Retired Nurse Educator Invests in the Power of Knowledge
Barbara A. Graham (Nursing ’70, ’75; Curry ’81)
When Barbara Graham finished high school, she faced a choice between two different career paths—physical education or nursing. While both appealed to her, friends encouraged her to choose nursing and she entered a three-year diploma program. She has never regretted her decision. “It has been a wonderful profession for me,” said Ms. Graham, UVA associate professor of nursing emerita.
For more than a decade, Ms. Graham worked as a registered nurse in hospitals in Lynchburg and in public health in Northern Virginia. But she knew she would need a bachelor’s degree to advance her career, so she came to the University of Virginia in 1968 to work toward a bachelor of science degree in nursing. She received her degree in 1970.
“While attending the RN to BSN program, I realized the value of it right away,” she said. “It broadened my perspective of the health care system and helped me set some career goals.” She received an offer from then Dean Mary Lohr to teach at the School of Nursing and, on completing a master’s degree at Emory University, returned to UVA, where she taught courses on public health. At the same time, she continued her education at the University, earning a certificate as a pediatric nurse practitioner in 1975 and receiving a doctorate in education in 1981. She retired in 1994.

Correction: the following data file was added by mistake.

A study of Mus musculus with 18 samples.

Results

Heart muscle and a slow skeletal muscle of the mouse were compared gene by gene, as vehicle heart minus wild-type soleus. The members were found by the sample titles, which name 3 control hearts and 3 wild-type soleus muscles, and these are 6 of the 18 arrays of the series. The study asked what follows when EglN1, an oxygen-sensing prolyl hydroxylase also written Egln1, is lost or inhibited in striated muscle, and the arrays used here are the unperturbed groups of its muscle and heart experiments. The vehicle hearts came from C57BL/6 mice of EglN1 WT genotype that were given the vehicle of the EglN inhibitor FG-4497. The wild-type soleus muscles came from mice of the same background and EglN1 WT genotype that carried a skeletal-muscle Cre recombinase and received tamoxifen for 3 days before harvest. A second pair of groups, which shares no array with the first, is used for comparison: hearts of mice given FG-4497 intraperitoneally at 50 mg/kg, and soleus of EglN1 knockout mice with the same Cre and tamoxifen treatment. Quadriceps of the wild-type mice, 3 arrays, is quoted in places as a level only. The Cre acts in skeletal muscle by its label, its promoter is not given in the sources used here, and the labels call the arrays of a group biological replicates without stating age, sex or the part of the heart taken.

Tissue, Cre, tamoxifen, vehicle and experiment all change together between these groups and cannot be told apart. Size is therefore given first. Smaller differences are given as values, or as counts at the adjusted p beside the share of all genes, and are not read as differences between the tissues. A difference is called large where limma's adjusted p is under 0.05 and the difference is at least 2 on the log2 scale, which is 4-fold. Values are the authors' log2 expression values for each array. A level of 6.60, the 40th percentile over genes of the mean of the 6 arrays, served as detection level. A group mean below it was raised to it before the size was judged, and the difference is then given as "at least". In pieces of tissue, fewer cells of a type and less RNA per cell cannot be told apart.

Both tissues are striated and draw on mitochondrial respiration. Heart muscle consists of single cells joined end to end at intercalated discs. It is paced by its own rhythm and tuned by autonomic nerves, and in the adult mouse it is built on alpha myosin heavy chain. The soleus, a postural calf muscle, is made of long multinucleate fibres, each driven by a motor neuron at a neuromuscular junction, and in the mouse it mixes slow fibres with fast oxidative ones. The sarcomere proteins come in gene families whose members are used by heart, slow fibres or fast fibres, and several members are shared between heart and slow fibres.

Ms. Graham was so inspired by the impact of the RN to BSN program on her life that she wanted to make the same opportunity available to others. She pooled her resources with nine other program graduates to create the RN-BSN Leaders Scholarship, which was fully endowed in 2000. Since then, she has made additional provisions for the scholarship as well as for the School of Nursing Alumni Association by naming both as beneficiaries of her individual retirement account. She appreciated having the option of dedicating some of the assets in her IRA to the University.
Ms. Graham has always admired the University as one of the premier institutions of higher education in Virginia. She’s pleased “it continues to strive to be in the upper echelon of public institutions around the country and continues to attract attention for the quality of its education.”